The last stop of SAP NetWeaver Cloud’s East European CodeJam tour for 2012 was in Macedonia. On the sunny Saturday morning of November 24th, four of us got into the car and drove off on a journey to Bulgaria’s South-Western neighbor. I was accompanied by Vladimir Pavlov – a NetWeaver Cloud architect, Bistra Yakimova – a Value Prototyping expert and Nace Sapundziev – a NetWeaver Cloud expert developer and native Macedonian.
After a three-hour ride we arrived in Skopje, just in time for a lunch with Mite Mitreski, the volunteer who helped us with the whole event organization, a geek and a leader of the Macedonian Java User Group.
The venue was located in a very nice and modern conference center near the Skopje Fair. Some of the most enthusiastic guests were already arriving, and the round table was getting fuller by the minute.
The CodeJam attracted about 25 participants, who had preferred to spend an afternoon playing around with SAP NetWeaver Cloud (despite that the sunny Saturday lured for outdoor activities). I guess this was the most visited CodeJam event of our East European tour, in part due to the strong collaboration with the Macedonian Java User Group and the promotion of the event in IT media. The audience was a mixture of people with various backgrounds – the majority of them being Java developers, but we also had two freelance SAP consultants, DB2 administrators and operators, PHP web developers and even ABAP developers. At least six national and international software companies were represented on the event. Some of the participants coming from companies – SAP customers were well aware of our classic on-premise portfolio, for others this was the first encounter with SAP and Java.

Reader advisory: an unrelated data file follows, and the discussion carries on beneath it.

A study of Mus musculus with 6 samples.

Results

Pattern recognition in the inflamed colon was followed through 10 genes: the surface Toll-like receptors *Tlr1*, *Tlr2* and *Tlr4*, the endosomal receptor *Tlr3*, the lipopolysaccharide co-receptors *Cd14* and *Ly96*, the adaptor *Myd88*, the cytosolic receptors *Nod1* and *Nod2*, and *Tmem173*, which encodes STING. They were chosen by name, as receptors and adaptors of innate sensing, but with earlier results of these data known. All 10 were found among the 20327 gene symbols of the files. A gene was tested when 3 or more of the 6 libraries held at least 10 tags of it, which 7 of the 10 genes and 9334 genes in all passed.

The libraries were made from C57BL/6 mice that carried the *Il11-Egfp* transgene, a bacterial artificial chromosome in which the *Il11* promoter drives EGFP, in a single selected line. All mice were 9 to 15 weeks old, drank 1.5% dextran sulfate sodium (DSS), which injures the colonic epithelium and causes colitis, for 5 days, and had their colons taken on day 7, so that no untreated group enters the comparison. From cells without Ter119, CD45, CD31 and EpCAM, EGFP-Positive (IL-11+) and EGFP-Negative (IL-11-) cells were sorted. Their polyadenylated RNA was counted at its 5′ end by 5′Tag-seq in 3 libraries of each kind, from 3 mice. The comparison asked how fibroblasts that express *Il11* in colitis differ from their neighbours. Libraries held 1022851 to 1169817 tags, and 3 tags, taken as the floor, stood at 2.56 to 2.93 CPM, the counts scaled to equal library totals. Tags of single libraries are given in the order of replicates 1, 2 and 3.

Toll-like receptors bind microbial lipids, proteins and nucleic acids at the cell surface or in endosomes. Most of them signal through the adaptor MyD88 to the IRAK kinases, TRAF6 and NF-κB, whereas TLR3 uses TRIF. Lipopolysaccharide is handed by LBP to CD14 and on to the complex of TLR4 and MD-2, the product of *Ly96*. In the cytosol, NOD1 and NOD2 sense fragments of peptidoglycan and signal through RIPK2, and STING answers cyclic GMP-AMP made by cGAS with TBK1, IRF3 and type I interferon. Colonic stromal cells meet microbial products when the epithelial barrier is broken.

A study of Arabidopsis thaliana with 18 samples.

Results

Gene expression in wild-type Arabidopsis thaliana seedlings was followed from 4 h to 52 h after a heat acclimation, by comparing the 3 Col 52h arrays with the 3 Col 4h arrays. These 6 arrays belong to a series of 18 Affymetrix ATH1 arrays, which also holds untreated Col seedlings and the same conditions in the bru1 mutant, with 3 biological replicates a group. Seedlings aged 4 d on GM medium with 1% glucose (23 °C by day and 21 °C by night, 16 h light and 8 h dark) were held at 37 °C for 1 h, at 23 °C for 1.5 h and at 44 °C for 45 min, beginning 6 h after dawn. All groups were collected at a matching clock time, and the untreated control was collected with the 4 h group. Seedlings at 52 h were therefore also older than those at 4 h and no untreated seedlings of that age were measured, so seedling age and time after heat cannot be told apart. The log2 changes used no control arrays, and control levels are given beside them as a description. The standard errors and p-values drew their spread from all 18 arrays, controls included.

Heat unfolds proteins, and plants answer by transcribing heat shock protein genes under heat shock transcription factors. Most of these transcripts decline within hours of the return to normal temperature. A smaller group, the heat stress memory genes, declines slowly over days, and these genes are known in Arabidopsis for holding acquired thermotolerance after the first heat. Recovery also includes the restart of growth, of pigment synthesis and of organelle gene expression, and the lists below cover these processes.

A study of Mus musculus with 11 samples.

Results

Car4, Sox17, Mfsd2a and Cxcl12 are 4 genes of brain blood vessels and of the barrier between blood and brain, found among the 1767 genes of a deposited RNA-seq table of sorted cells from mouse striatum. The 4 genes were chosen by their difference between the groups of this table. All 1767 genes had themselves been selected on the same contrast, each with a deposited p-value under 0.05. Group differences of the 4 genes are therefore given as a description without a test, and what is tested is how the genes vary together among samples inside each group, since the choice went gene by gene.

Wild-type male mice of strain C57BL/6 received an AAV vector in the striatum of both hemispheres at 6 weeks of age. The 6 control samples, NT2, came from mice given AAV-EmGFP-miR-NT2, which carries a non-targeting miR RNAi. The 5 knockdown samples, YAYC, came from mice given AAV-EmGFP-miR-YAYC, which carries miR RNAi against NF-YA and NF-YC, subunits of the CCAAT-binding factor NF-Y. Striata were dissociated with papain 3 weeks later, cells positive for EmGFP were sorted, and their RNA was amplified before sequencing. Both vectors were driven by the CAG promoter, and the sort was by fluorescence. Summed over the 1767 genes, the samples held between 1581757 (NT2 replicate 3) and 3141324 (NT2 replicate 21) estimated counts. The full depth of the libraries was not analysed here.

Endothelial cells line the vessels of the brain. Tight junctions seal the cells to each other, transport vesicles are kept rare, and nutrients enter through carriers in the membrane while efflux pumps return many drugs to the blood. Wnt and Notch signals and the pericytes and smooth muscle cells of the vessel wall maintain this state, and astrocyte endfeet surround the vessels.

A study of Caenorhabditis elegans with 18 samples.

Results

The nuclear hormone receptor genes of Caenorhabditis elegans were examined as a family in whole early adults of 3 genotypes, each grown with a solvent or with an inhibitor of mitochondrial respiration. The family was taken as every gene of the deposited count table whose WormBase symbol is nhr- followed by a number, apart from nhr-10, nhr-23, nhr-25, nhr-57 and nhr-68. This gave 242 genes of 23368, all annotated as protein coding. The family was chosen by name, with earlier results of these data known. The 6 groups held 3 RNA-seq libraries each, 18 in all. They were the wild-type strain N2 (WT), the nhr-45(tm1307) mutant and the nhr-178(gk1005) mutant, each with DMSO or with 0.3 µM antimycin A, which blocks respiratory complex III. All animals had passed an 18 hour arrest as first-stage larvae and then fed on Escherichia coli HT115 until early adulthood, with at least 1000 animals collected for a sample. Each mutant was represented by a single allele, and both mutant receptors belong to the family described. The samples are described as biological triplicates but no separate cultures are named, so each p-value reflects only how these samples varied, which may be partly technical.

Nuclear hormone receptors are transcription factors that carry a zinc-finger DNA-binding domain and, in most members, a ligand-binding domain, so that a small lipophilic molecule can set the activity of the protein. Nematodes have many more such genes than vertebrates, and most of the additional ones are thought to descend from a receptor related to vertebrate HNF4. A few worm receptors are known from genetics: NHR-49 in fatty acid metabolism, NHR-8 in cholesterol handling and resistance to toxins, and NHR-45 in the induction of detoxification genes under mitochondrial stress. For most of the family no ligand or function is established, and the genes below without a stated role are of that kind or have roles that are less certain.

After some words of welcome, Nace did a short overview session about SAP NetWeaver Cloud. I am pretty sure this was the world’s first SAP presentation in Macedonian – so I thought it was worth a full video recording.
Without further ado, we put our hands to work – creating the first SAP NetWeaver Cloud apps in these latitudes. Most of the people started from scratch – creating accounts and setting up their dev environments. After the initial hurdles (“Oh, yet another license agreement to accept”) most of the folk did some walk through the tutorials in the developer documentation. Any issues or ad-hoc questions were quickly sorted out, and we were glad to find that due to the really close proximity of our native languages, we could perfectly understand each other, and English was rarely heard in the room.
The HelloWorlds evolved into more complex apps – some utilizing JPA or pure JDBC persistence and identity management, others putting more effort in nice SAP UI5 interfaces. Most of the people were excited about the possibility to easily and securely integrate existing on-premise systems, and many of the conversations revolved around the Connectivity service.
Most of the participants worked in pairs or small groups, occasionally discussing questions with us, the mentors. It was a fortunate opportunity that we had Bistra in our team – her experience in the Value Prototyping organization turned out really handy for some of the questions.
For a nice wrap-up of the event, two of the groups volunteered to show their apps in an improvised demo session.
In the recap discussion that closed the event, we received very positive overall feedback about the CodeJam – our guests recognized a sign of SAP’s attention to the region and its developers, a unique opportunity to meet in person with SAP developers, and a chance for getting hands-on with a hype and very relevant product such as SAP NetWeaver Cloud, coming right out of the Labs. People expressed their wishes for bigger and more frequent SAP presence in Macedonia, especially with events targeted to developers.
The official part of the event was over, and it was time for a walk around the city center, nicely lit, with many new buildings and impressive historic monuments and museums on the two banks of the Vardar river that crosses the city.
Mite Mitreski was so nice to be our guide, making sure we would not miss any of the sites worth seeing, explaining and telling stories of Macedonia’s millennial history going back as early as the times of Alexander the Great.
And something we would not miss for anything: savoring the Macedonian cuisine and sharing our impressions of the day over a bottle of local wine with our kind host Mite and some Macedonian friends.
Скопjе, ви благодариме! Skopje, thank you!